Espanola Island

Jun 17, 2019 - National Geographic Islander

Today was our first full day in the Galapagos Islands. We started on Espanola, one of the oldest islands in the Galapagos Archipelago, dating around 3.4 million years old. Espanola Island is home to different endemic species such as the Espanola mockingbird, Espanola marine iguana, hood racer snake, hood lava lizard, and the waved albatross.

In the morning, we snorkeled and had close encounters with Galapagos sea lions and the underwater world of Espanola. Then we headed back to the ship for a very special lunch. Today we had an Ecuadorian feast, and guests had the opportunity to try food from all over the four regions of Ecuador.

After lunch we landed at Punta Suarez, a major nesting site for the waved albatross on Espanola Island. These birds have just returned from their migration. Now, they will nest on the island and raise their chicks until December, when they then fly back to South American waters to find fish.

The day ended with a beautiful sunset as we rode our Zodiacs back to National Geographic Islander. Today’s experience will stay with our guests forever.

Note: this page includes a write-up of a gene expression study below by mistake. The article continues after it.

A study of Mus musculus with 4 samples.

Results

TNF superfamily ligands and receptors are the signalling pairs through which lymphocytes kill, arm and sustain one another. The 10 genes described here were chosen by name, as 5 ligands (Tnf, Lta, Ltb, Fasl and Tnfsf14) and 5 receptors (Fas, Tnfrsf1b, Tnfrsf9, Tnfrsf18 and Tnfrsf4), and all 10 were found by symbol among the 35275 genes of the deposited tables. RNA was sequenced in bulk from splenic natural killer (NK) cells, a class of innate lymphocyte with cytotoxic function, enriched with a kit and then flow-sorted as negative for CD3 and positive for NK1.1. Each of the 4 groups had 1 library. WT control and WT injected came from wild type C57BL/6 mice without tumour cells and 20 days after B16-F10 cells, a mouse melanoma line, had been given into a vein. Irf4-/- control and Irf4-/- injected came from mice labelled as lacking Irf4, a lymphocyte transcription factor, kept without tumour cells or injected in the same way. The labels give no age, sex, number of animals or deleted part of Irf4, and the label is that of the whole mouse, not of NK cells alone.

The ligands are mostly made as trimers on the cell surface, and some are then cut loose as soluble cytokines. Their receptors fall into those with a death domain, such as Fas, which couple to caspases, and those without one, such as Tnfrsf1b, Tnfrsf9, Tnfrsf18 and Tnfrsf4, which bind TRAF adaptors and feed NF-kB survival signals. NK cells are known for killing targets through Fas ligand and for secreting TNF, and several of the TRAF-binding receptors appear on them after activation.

Gianna Haro


Most of Gianna´s memories seem to be dreams, made on flawless white sandy beaches with black lava rock contours and gorgeous turquoise ocean waters. Most of it happened while barefoot, in an enchanting place that some people regard as an ideal natural laboratory, the Galápagos Islands. For her it was home. Gianna grew up going to the beach nearly every day, snorkeling in crystal clear waters, playing with wild flowers, having sea lions steal her ice cream, observing marine iguanas, and identifying invertebrates. The latter was by no means technically accurate—she dubbed each new discovery with its own made-up scientific name. At some point during those early years, being an observer became an innate ability and she knew she wanted to be a biologist.